BEIRUT – The Lebanese army declared victory Sunday in its 15-week-old war against Islamic radicals holed up in a Palestinian refugee camp in northern Lebanon, after a fierce final battle in which the last of the militants there were killed, captured or escaped.
Residents lined the roads leading to the battered Nahr el-Bared refugee camp near the northern port of Tripoli, clapping and showering rice on army troops as they swept toward the camp, which has been under siege since May 20.
The collapse of the militants brought to a close one of the more bizarre conflicts in Lebanon’s bloody history, in which a bank robbery gone wrong erupted into a small but ferocious war between the army and Fatah al-Islam, a little-known band of mostly Palestinian Sunni radicals with declared sympathies to al-Qaida.
The end came after one group of the fighters attempted to escape, while another group engaged Lebanese army troops elsewhere in the camp. The army said it killed at least 31 fleeing fighters and captured 15, and that an unspecified number of others possibly escaped. Five soldiers also died.
The fate of the group’s leader, Shaker al-Absi, was not known, but the Arab satellite channel Al-Jazeera quoted army sources as saying they believed he was among the dead. Army soldiers set up checkpoints across the country to find the fugitives and closed the main route north to Syria, which Lebanon’s government claims had supported the Fatah al-Islam group.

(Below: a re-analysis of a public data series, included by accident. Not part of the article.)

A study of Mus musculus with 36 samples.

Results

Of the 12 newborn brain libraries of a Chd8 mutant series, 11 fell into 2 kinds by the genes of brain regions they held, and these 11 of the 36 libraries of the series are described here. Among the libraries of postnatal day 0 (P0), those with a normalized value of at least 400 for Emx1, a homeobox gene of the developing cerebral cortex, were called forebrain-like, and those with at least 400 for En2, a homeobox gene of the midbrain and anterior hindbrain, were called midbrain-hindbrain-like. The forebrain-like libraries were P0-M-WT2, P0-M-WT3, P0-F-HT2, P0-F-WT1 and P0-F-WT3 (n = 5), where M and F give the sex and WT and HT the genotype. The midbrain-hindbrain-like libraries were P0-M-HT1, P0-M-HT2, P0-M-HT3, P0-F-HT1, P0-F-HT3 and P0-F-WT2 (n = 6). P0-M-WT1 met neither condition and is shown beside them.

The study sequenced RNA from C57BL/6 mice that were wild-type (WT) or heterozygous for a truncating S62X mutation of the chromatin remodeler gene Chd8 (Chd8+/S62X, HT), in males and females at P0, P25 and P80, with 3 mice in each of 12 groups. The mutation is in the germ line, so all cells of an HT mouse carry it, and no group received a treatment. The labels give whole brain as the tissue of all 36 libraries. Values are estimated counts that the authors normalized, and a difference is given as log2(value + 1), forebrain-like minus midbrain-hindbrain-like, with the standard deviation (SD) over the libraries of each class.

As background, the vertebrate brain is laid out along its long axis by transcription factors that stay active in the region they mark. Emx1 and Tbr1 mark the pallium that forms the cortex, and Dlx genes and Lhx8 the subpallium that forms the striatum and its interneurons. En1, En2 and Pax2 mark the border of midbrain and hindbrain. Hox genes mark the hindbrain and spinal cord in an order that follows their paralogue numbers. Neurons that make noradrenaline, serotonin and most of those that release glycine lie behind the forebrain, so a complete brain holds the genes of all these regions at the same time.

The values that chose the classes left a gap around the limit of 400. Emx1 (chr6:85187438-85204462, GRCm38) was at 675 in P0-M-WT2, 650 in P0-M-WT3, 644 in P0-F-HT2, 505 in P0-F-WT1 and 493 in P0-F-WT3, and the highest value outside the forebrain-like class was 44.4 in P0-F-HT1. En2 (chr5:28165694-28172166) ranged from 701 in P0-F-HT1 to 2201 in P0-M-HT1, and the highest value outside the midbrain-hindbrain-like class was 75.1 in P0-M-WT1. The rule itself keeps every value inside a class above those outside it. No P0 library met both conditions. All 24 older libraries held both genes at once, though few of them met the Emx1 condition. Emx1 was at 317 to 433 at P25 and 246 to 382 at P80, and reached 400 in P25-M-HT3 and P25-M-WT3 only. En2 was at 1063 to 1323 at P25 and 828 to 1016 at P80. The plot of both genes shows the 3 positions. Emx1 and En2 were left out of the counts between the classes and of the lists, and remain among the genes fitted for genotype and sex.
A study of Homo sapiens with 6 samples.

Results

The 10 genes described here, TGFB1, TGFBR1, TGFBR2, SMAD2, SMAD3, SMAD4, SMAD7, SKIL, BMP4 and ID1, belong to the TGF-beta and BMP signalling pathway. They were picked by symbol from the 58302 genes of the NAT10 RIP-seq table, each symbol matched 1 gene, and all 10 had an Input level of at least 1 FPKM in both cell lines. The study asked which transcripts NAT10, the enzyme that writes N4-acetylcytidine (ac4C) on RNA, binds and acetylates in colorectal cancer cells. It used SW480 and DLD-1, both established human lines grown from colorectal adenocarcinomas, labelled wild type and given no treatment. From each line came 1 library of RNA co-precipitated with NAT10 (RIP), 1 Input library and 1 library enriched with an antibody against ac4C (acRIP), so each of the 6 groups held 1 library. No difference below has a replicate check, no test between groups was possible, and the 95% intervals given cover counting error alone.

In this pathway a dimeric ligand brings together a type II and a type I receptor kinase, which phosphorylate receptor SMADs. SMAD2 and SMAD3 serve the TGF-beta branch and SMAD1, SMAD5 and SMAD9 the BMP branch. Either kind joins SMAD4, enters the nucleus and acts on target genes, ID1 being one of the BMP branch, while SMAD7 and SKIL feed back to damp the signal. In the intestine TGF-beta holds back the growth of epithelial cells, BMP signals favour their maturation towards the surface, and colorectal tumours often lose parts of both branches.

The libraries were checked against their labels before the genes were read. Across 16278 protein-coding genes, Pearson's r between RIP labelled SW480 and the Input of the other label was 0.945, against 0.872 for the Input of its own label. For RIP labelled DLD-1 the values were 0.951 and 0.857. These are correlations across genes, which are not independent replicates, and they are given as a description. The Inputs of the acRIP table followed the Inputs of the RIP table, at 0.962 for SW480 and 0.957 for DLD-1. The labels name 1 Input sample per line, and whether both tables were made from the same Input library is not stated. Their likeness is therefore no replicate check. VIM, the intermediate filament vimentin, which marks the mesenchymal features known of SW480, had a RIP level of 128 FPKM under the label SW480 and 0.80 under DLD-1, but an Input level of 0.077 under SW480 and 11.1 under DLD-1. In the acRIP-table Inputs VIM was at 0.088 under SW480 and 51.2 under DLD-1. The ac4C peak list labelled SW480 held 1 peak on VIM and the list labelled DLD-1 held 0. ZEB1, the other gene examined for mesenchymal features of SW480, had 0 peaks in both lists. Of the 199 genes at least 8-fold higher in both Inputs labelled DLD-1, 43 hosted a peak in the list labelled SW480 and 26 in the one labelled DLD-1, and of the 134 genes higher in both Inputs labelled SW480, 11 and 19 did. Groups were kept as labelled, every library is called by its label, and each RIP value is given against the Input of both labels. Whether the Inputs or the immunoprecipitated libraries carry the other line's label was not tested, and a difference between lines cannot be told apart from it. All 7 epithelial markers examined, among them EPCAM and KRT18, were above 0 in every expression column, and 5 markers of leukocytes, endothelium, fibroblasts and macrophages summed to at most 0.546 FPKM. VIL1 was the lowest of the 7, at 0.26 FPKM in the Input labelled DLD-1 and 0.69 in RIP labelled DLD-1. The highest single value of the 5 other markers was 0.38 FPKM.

Lebanon’s prime minister, Fouad Siniora, delivered a televised address to the nation in which he hailed the army’s “victory over terrorists.”
“This is an hour of pride, victory and joy – and especially of pride in our martyrs and in our army spread out over the land,” he said.
Sunday’s deaths brought to more than 300 the number killed, including 158 army soldiers.
It was the first major test of the Lebanese army since the withdrawal of Syrian forces in 2005 left Lebanon free of foreign occupation for the first time in 29 years. The usually divided Lebanese people rallied behind their armed forces, but the high toll and the length of time it took the soldiers to dislodge a force put at no more than 350 fighters highlighted the shortcomings of the army.
Days earlier, the U.S. military had delivered 130 armored vehicles to the Lebanese army, part of a $280 million military aid package aimed at shoring up the state.
Fears that the fighting would spread to other Palestinian camps or that militancy would spread to other Lebanese groups did not materialize. Addressing Palestinians as “our brothers,” Siniora reassured them that the war was not aimed at Palestinians and pledged to rebuild the ravaged refugee camp that had been home to 31,000 people.
But the war cost Lebanon millions of dollars in tourism for a second consecutive summer. The country is still struggling to recover from the militant group Hezbollah’s war last year with Israel. It also raised for the first time the specter that al-Qaida-style militancy is spreading in Lebanon. Until it is known how many fighters escaped, it will be unclear whether the threat they posed has ended.